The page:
Editor’s Note: This post is part of a 4-part series for Advent 2022 by Liz Cooledge Jenkins
There is a space within us empty until filled with joy.
There is a child within us yearning to be free, laughing,
living in the present.
God, take down the barriers that separate us from one another.
Spark joy in connection.
Our competitive urges are deep-seated,
but there is no joy in winning at another’s expense.
There is only joy in flourishing together.
There is joy when the hungry are filled,
as Mary prophesied.
You bring joy as the poor are satisfied.
You bring joy as you make your favor known.
You bring joy as you reverse what needs to be reversed,
as you shift what needs to be shifted under our feet,
as you transform what needs to be transformed,
so that everyone has enough.
Bring joy as the table is set and the feast laid out for everyone.
Bring joy as sustenance of all sorts is shared and not hoarded,
as we face the future bravely because we are held
by you and by one another.
We will not let go, and we will not be let go of.
God, we thirst for moments of joy in these weary times.
Our souls are parched for it.
This is not an easy time to find joy.
Sometimes it feels like we either turn away from the suffering in our world—and in our own lives—and do whatever it takes to be happy, or else we embrace the fullness of reality but forgo joy.
Where is God in this? Surely God is not a God of escapism, nor of total unrelenting despair.
I see Mary navigating these tensions as she composes and sings her song, often known as the Magnificat, recorded in Luke 1:46-55. I hear joy in her voice. But it is not a naive joy.
It is a prophetic call for God to scatter those who are proud, to bring rulers down from their thrones, to lift up the humble. It is a cry for God to fill the hungry and help God’s people in their time of need. It is a plea for mercy.
But it is also exuberant. My soul glorifies the Lord, and my spirit rejoices in God my Savior. In Mary’s words I hear both suffering—or at least empathy for those who are suffering—and joy.
Activist and attorney Karen Walrond draws together some similar tensions in The Lightmaker’s Manifesto as she reflects on joy and activism. For Walrond, at its best activism involves individuals “answer[ing] a deeply held, personal call to make the world better”—and this “activism, rooted in meaning, helps to fulfill the activist’s purpose.” This deep, meaningful sense of purpose, in turn, leads to joy.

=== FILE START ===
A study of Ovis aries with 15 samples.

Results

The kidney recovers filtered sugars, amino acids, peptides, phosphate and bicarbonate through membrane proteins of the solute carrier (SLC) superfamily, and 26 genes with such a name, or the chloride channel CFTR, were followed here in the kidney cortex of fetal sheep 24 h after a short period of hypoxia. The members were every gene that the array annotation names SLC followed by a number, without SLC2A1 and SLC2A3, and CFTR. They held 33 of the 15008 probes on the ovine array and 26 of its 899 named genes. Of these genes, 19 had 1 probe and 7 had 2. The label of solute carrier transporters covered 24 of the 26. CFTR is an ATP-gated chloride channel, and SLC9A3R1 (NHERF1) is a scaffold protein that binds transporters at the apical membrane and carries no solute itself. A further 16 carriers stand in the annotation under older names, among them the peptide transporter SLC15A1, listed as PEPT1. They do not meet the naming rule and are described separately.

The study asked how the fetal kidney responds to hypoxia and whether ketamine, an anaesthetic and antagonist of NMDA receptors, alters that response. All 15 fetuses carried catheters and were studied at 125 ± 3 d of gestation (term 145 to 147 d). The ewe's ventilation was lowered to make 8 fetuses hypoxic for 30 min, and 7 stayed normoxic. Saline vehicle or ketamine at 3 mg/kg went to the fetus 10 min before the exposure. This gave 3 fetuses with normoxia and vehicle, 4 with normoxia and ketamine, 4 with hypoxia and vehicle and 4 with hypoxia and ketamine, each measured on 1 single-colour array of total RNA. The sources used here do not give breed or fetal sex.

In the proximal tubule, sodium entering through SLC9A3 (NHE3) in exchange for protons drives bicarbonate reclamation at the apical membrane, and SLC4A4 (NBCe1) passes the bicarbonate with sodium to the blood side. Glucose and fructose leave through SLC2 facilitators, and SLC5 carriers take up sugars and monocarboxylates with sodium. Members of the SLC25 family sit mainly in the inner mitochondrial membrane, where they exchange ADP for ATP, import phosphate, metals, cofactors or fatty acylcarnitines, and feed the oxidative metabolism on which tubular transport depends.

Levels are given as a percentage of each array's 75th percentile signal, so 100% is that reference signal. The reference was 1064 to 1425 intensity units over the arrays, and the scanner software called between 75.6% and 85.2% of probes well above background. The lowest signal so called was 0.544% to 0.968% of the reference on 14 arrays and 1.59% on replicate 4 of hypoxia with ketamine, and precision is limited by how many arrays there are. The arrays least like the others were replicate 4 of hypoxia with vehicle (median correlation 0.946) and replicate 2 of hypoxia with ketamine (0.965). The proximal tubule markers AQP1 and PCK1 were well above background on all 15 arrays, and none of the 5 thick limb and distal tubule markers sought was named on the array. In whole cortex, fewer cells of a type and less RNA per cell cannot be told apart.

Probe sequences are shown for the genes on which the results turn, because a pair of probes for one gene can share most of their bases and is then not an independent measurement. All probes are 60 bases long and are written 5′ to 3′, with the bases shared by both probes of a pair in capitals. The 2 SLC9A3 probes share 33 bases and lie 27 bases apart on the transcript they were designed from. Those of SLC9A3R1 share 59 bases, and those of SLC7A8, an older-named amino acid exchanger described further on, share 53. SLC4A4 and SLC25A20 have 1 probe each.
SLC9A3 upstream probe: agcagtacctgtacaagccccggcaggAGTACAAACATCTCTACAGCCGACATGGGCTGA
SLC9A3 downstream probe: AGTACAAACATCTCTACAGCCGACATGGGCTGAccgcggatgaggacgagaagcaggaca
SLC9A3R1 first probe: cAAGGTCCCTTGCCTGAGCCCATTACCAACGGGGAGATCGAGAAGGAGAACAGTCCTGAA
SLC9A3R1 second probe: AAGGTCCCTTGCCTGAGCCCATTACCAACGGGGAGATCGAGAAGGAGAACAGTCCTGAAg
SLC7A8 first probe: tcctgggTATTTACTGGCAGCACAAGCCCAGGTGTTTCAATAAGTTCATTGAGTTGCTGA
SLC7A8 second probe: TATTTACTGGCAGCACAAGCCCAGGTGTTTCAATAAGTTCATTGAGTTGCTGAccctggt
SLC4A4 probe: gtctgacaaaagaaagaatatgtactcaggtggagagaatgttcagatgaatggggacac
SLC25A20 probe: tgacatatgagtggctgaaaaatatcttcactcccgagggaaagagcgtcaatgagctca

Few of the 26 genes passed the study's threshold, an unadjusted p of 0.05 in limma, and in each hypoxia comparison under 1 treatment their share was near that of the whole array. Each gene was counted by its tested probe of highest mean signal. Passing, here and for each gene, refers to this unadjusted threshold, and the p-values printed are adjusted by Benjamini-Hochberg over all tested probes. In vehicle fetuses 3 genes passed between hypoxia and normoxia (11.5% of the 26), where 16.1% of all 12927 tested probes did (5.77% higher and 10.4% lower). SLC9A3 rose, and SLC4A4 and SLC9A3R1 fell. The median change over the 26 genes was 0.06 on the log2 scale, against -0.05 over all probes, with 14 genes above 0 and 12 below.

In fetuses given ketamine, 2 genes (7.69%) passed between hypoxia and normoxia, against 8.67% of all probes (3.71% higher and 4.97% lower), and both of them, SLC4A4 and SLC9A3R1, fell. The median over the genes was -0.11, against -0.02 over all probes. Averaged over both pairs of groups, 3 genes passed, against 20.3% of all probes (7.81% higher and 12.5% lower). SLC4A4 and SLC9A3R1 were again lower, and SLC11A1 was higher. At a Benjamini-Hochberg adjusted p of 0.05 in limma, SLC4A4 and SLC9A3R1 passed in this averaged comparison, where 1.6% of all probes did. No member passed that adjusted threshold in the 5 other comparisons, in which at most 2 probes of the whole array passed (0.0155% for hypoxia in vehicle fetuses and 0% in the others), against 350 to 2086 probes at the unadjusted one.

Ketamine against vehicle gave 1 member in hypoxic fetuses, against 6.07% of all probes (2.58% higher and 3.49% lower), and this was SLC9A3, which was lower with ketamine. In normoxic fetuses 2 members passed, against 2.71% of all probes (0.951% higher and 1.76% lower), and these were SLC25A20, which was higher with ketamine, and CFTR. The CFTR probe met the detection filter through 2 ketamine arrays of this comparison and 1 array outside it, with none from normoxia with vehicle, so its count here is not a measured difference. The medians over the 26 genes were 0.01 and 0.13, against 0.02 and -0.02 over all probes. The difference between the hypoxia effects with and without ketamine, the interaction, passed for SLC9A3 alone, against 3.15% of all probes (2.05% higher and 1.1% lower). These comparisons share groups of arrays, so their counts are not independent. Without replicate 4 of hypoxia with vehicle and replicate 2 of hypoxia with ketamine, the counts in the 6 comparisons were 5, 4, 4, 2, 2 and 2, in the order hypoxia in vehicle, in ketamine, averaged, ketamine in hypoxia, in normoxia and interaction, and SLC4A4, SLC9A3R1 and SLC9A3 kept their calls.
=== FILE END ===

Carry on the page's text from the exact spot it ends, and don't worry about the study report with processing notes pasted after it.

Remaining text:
Perhaps joy is best found indirectly. In this view, we aren’t necessarily trying to smile more, think more positive thoughts, or otherwise be more joyful. Instead, we’re trying to be attentive to God’s calling in our lives and follow this call as well as we can.
We’re looking to do good and not evil in our world. We’re chasing meaning. We’re finding purpose. And in these things there will likely be, at some point, joy.
In a world that sometimes seems divided into cheery people who lack empathy and dour people who see what is wrong and work for change, Walrond reframes things. For Walrond, “joy and gratitude are the most important practices to cultivate in order to establish longevity in our marches toward justice.” And “bringing joy to the work…is one of the biggest secret ingredients to activism.”
I want that secret ingredient. I’m not sure how sustainable social change movements are without it.
I’m also encouraged by Rebecca Solnit’s words: “Joy is itself an insurrectionary force against the dreariness and dullness and isolation of everyday life.” An insurrectionary force. A force with power. A force not to be underestimated. An essential force.
As we struggle, we remember the world we are struggling for: a world full of life, goodness, belovedness, connection, hope, joy. As Solnit writes, “joy doesn’t betray but sustains activism.”
And this joy that sustains activism is experienced not in isolation but in community. As Cherríe Moraga explains, “If we are serious about a revolution—better—if we seriously believe there should be joy in our lives (real joy, not just ‘good times’), then we need one another…The real power, as you and I well know, is collective.”
We struggle together, and we celebrate together. We need one another. This is both a very serious thing and a joyful one. We find joy in communities united by a common sense of purpose.
Joy and activism go hand in hand. May we learn how to hold them together. May we celebrate together—because celebration sustains us, and community sustains us.
May we know the joy that comes through calling, through purpose. May we experience joy as insurrection against oppressive systems. May we know the God whose Spirit filled Mary with brimming-over joy.
Liz Cooledge Jenkins is a writer, preacher, chaplain, and former college campus minister who lives in Burien, WA. She has a BS in Symbolic Systems from Stanford University and an MDiv from Fuller Theological Seminary. She regularly posts justice-minded biblical reflections, poems, “super chill book reviews,” and more at lizcooledgejenkins.com; she can also be found on Facebook (Liz Cooledge Jenkins, Writer) and Instagram (@lizcoolj). Her sermon on Ruth and Boaz was included in Sojourners’ collection of immigration sermons, El Camino.